UW Sexual Assaults

University of Wyoming students make their way across the Laramie campus in 2014. Five sexual assaults have been reported on campus in 2017, four of which occurred in university residence halls or apartments. 

File, Star-Tribune

The University of Wyoming is studying its lighting and landscaping and considering using a cellphone safety app as students raise concerns in the wake of a recent sexual assault.

“We’ve done a lot on sexual assault prevention, which is things like don’t like walk alone at night, call the escort service,” UW President Laurie Nichols told the Star-Tribune last week. “Students appreciate it, (but) they haven’t been as responsive to that. They would like to see us go back and really analyze the campus and point out to us areas where they think we can work to make the campus a safer place.”

Campus sexual assault, which Nichols said is a “critical issue,” has been especially prominent at UW in recent weeks. A female — whose age and affiliation with the university is unclear — was tackled and sexually assaulted by a stranger on Nov. 10 as she walked across a War Memorial Stadium parking lot. Details remain scant on the assault: The victim did not personally report the assault to police, who learned of it more than 24 hours later. Nichols said there’s little new information on the investigation, and the assailant has not been identified.

She noted that despite a common misconception, the rapist or attacker is typically known to the victim.

The attack was one of five reports of sexual assault that the University of Wyoming Police Department has received in 2017, said UW spokesman Chad Baldwin. He cautioned that that may not be a complete count of the number of sexual assaults that are reported at the school, as it did not take into account reports made to other entities on campus, like the counseling center. Final numbers will be prepared in the coming weeks.

Four of the five assaults in 2017 took place in UW residence halls or apartments, Baldwin said.

Total numbers from previous years show an uptick in overall reports, university data shows. There were 19 reports of forcible sexual assault in 2016, 14 in 2015 and nine in 2014. University police received 15 reports in 2013, five in 2012 and seven in 2011.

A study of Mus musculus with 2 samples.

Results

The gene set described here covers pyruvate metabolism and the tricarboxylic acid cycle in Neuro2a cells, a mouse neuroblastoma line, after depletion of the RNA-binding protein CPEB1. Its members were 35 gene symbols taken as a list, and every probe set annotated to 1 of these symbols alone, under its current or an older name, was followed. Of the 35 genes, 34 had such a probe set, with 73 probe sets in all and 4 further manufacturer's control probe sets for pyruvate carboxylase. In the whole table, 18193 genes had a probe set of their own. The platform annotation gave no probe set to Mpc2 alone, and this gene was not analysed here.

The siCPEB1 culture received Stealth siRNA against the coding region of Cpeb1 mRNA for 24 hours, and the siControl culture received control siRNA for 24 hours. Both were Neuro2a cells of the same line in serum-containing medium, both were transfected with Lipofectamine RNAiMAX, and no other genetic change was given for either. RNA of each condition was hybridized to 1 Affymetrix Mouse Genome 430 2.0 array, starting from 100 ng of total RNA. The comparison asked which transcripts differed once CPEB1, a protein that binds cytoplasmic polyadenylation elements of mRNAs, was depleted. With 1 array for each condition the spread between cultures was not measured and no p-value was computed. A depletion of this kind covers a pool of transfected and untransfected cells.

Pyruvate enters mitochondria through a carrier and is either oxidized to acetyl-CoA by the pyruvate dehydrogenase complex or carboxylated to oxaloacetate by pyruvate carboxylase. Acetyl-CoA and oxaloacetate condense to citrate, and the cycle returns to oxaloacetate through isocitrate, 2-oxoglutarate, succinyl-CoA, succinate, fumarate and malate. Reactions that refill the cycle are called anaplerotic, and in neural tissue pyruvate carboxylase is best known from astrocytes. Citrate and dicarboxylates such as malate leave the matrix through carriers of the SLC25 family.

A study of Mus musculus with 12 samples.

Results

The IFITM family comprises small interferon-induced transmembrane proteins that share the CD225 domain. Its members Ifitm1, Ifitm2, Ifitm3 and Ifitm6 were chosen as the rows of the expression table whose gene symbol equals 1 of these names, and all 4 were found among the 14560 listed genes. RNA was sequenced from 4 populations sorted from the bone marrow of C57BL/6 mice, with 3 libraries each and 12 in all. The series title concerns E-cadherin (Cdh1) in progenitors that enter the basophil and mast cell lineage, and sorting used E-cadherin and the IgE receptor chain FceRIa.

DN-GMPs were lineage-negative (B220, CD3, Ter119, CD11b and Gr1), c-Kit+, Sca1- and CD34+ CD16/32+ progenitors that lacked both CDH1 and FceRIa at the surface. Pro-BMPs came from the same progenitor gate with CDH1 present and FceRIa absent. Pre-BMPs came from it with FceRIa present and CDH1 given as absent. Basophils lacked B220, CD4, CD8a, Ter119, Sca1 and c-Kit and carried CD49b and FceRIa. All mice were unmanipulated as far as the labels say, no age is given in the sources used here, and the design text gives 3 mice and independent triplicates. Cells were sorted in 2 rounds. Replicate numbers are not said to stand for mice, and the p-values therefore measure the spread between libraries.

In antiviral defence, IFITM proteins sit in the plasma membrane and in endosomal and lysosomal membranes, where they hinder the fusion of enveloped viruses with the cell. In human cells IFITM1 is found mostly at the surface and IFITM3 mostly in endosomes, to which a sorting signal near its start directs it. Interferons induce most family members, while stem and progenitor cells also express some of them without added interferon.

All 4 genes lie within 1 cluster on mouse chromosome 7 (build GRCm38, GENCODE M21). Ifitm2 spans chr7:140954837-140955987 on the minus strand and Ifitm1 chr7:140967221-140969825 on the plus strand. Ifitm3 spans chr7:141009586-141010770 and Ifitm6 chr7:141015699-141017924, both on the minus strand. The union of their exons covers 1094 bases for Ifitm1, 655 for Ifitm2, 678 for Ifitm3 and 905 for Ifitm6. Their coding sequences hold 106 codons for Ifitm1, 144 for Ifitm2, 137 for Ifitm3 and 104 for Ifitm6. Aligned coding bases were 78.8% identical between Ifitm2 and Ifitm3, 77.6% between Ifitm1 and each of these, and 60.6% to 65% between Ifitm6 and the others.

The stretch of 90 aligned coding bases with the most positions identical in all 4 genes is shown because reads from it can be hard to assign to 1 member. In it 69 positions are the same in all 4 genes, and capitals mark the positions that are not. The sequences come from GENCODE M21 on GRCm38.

Sean Blackburn, UW’s vice president for student affairs, told lawmakers Thursday that the university believes that the recent increase in reports is a result of more awareness rather than more assaults. A greater number of victims may feel more comfortable coming forward now because of the university’s efforts, he said.

“So we actually see that as a success, as more students come forward to get help and assistance and get connected to the different resources,” Blackburn told lawmakers on the Joint Appropriations Committee, who were discussing the university’s budget but had asked Nichols about sexual assault rates.

Nichols, who also spoke to lawmakers Thursday morning, said she watches the sexual assault numbers “like a hawk.”

“Anytime there’s a sexual assault, we have a meeting immediately to talk about it,” she told the committee. She ticked off what officials discuss at those meetings: “What happened, could it have been prevented, what can we do about it, is the victim being provided for and what else can we do about it. So believe me, I’m – we are working on this on a case-by-case basis, but it’s that important.”

Still, students appear frustrated. Wyoming Public Media, which has reported on victims of sexual assault at the university, wrote in August that UW is facing a federal investigation for its handling of sexual violence reports. After the November assault, students held a walkout and delivered a petition to Nichols’ office that called for timelier handling of allegations, notifications of assault that happen off-campus, better lighting, and more.

“It was just a student gathering ... where they were trying to bring to light that students were, you know, not happy with where we’re at right now with sexual assault and they wanted us to do more for campus safety,” Nichols told the Star-Tribune.

She said the university has listened: The Associated Students of the University of Wyoming has formed a committee to look more closely at campus safety, and the university is studying its lighting and landscaping, among other things.

Nichols said officials were also looking at a smartphone app called SafeTrek. If a student feels unsafe in a situation that doesn’t yet require calling 911, he or she places a finger on the screen. If student feels better, he or she can remove their finger and type in a pin number. But if the situation escalates and the student needs assistance, then the pin is not entered and emergency services are dispatched to that location.

The university currently has blue lights on its campus. The system involves tall blue poles placed around campus that light up at night and can be used by people walking across campus to contact authorities should they feel unsafe.

For a little less than a year, the university has also been running its own No More campaign, part of an international effort to shed more light on sexual and domestic violence.

Follow education reporter Seth Klamann on Twitter @SethKlamann


Seth Klamann joined the Star-Tribune in 2016 and covers education and health. A 2015 graduate of the University of Missouri and proud Kansas City native, Seth worked for newspapers in Milwaukee and Omaha before coming to Casper.